How Special Needs Camping Has Impacted the Camp Experience

"Camping is an activity that has been embraced by humanity because it's fun and it brings people, especially families, together," said Dr. Tom Zellers, a professor of pediatric cardiology at UT Southwestern Medical Center and camp doctor. "For children with chronic illnesses, camp has often been forbidden because of the risks and physical challenges it presents. At [special needs] camps, however, children with medical problems, who are sheltered by their family and may be the only child with their type of medical problem in their family, neighborhood, or community, are brought together.

Mental Health Issues in Camp

A healthy part of children’s emotional development includes occasional bouts of feeling down or stressed, but how do you know when it’s serious? Depression and anxiety are two of the most common childhood mental health disorders. Since you’re not a therapist, how should you respond? Learn practical, supportive, and ethical ways to help children cope and build resiliency.

Through this webinar, participants will learn to:

Managing Difficult Camper Behaviors

Some kids have behaviors that are difficult to manage, especially during group situations.  If you’re not careful, you’ll find yourself growing irritated, losing, patience, and getting resentful.  It’s important for all staff to agree on what is considered acceptable or inappropriate behavior and respond in a consistent, fair manner. 

Through this webinar, participants will learn to:

Behavior Management That Works! Effective Strategies for Campers with Special Needs

Managing youth behavior is a challenge for many youth program providers and a significant source of stress for directors and staff who are not prepared. This webinar provides specific strategies for effectively managing camper behavior with an emphasis on the needs of campers with different abilities. The translation of strategies for staff training will be stressed.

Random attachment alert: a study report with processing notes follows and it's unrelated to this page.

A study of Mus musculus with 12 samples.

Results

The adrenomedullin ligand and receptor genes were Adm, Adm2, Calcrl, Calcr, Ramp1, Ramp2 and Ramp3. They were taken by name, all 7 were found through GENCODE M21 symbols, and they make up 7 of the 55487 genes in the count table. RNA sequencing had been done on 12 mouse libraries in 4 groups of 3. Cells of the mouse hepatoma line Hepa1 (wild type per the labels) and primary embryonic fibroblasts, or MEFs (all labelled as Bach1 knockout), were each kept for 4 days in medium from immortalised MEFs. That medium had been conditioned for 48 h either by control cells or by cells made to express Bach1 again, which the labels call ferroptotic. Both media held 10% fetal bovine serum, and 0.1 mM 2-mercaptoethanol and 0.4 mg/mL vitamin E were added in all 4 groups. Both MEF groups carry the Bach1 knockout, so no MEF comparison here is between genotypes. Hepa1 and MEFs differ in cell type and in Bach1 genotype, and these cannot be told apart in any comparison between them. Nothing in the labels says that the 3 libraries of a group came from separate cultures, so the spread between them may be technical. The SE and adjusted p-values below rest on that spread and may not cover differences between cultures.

Participants will learn:

Bag of Tricks: Tools and Resources for Helping All Kids Succeed at Camp

Every provider needs a portable Bag of Tricks they can dig into during unexpected wait times, when activities don’t go as planned or when a youth needs extra support. This webinar will give ideas of items to include in your own Bag of Tricks to be prepared to conquer some of the challenges encountered on any given day. Directors will be able to take these practical ideas immediately back to camp and share with counselors and program staff to create a more successful experience for all campers.

Through this webinar, participants will:

The Power of the Inclusive Camp Experience

“Why can’t I go, too?” He couldn’t say the words, but the look in his eyes conveyed the message clearly as he watched his sister bound from the car to join the other children heading to day camp — swimming towels in hand, calling out to each other as they anticipated a full day of fun and activities.

From the rearview mirror, Diane saw the expression on Mike’s face, and it pierced a mother’s heart. For Mike — a young man with autism — this was another hurtful reminder.